About 60 walkers participated in the annual Saskatchewan Blue Cross MS WALK held May 26 in Swift Current, raising in excess of $11,000 to support research and programming for the 3,500 individuals in the province living with MS. Saskatchewan has one of the highest rates of multiple sclerosis in the world.
Funds raised through the WALK program stay in Saskatchewan and support Canadian MS research and client services initiatives such as higher education bursaries, emergency support funds, and the annual MS Family Conference. Last year WALKers raised over $700,000 provincially for the MS Society.
"Swift Current has wonderful community support," noted MS WALK organizer Laurel Gording. "A number of businesses have donated all the food that we're eating today, all the drinks, lots of door prizes from individuals in and around Swift Current.
"I think everybody is touched by someone they know who has MS, so it's nice to see such great support for everybody who comes out."
Director of Development for MS Saskatchewan, Lisa Smith, explained, "As an organization, we still are supporting some of the research that's going into the liberation treatment," essentially a balloon angioplasty to clear a condition described as chronic cerebrospinal venous insufficiency, or CCSVI.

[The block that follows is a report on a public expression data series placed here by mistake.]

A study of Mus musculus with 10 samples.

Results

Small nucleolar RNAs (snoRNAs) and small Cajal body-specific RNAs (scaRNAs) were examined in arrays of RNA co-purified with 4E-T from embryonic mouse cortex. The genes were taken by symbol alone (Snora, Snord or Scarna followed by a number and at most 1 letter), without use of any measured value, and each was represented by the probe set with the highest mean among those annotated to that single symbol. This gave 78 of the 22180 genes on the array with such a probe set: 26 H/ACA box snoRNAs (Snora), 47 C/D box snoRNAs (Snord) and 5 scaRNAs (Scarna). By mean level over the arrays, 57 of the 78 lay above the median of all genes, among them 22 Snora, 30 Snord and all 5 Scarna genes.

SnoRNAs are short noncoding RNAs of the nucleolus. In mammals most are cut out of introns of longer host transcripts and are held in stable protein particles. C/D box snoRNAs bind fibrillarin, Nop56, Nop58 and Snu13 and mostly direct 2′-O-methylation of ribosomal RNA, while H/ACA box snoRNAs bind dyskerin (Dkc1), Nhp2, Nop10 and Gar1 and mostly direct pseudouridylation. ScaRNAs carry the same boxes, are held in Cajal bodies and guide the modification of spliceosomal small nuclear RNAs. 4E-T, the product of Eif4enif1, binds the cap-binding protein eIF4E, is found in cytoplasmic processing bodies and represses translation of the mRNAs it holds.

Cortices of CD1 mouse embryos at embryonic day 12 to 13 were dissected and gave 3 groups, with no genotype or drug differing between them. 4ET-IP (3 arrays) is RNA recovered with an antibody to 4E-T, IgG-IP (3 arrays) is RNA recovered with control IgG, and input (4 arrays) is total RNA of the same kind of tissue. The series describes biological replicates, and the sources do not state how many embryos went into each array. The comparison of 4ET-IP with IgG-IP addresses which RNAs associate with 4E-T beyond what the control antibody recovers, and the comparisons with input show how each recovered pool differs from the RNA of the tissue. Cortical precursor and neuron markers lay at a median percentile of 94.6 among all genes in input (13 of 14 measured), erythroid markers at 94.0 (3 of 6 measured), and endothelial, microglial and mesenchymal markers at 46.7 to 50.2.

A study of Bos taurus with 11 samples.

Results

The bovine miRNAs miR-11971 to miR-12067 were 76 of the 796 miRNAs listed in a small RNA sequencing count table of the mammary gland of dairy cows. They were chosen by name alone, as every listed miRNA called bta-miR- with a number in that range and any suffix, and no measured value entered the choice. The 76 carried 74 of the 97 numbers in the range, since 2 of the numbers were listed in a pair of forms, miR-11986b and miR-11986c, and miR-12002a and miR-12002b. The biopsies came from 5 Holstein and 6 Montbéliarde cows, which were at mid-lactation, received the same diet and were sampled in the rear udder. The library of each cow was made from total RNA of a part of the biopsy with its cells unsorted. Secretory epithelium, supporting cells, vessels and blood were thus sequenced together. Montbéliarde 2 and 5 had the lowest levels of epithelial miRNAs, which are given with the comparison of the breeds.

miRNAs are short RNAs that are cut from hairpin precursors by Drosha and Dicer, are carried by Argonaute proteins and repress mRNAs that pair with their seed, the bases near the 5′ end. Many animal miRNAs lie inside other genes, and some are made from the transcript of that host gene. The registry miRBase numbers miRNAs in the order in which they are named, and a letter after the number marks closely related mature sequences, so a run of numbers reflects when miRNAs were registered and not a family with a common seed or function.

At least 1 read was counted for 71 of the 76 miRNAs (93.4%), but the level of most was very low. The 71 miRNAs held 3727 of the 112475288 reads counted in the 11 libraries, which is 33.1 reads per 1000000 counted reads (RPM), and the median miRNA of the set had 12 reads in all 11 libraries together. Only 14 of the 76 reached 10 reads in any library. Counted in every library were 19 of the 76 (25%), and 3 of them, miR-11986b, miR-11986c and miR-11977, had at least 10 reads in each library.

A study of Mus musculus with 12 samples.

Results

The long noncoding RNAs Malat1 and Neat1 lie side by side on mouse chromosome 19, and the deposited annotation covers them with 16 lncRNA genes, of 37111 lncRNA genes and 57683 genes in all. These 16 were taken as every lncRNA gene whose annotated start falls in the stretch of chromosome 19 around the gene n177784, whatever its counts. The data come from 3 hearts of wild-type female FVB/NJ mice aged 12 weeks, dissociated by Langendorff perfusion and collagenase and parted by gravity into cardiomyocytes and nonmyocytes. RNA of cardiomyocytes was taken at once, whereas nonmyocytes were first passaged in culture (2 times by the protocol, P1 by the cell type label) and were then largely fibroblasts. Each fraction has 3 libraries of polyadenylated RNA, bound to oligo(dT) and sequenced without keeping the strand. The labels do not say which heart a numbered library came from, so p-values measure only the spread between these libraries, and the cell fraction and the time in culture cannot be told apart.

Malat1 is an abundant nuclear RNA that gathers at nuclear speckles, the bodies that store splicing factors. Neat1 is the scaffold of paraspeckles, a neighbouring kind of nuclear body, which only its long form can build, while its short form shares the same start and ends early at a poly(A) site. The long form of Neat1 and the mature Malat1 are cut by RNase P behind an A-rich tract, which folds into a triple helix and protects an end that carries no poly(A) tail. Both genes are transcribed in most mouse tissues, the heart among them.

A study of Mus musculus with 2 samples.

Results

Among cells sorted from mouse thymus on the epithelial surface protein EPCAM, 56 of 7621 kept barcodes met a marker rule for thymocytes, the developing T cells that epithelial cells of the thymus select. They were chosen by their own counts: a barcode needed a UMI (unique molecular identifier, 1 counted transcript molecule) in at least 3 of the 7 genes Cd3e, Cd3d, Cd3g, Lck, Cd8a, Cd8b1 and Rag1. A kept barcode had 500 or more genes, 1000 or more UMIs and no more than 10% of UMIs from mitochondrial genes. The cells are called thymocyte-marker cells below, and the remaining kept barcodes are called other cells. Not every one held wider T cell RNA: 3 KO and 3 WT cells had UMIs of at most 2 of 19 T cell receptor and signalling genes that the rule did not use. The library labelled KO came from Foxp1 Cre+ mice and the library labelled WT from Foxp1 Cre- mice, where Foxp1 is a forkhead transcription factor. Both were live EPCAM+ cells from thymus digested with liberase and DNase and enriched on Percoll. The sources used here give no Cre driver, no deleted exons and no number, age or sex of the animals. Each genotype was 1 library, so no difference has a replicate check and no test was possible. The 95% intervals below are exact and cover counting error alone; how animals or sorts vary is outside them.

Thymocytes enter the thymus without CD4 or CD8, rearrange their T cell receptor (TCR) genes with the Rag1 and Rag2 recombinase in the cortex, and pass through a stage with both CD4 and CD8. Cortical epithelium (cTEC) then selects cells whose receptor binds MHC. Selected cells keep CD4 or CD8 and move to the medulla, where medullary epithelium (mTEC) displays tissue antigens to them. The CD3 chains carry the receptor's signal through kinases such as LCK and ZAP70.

"When it first originally came out, we were all excited about the possibility that it might be a cure for MS. Some of the preliminary research has shown it is not, but that doesn't mean it might not be a treatment option for some.
"As an organization, we support people to take care of their own health and to do what they need to do to help improve with the disease. Many people say they have improvements with diet, exercise, rest, reducing stress. Those are all things that help manage the disease. We have not stopped our funding into the liberation treatment, however we do not provide funding for people to receive the liberation treatment because the science is not there, and as an organization that's not what we do. We try to lobby for drugs to get on the formulary, so that they're more affordable for people."
The Society has also seen demand for its programs increase in the last year, particularly its Special Assistance and Caregiver Special Assistance Programs.
"The economy is hard right now," said Communications Manager Janet Nicolson, "and that means individuals may not have the money to spend on medical supplies, walking aids, or even groceries. MS is a very costly disease and we try and support that when possible."
One of the WALK participants, Arnold Wiebe, announced that Swift Current now has an MS Support Group that meets monthly at the Swift Current Library and features guest speakers.
"For the last six months we've been having meetings with people who have MS and their support people," said Wiebe, facilitator of the group.
"We're going to try to keep the support group going because we really believe that a support group is helpful. People with MS can share your stories."
The next meeting will be held June 18 at 7 p.m. with a naturopathic speaker. Contact Arnold Wiebe for more information at 306-773-7997 or 306-741-7797, or by email at firstname.lastname@example.org.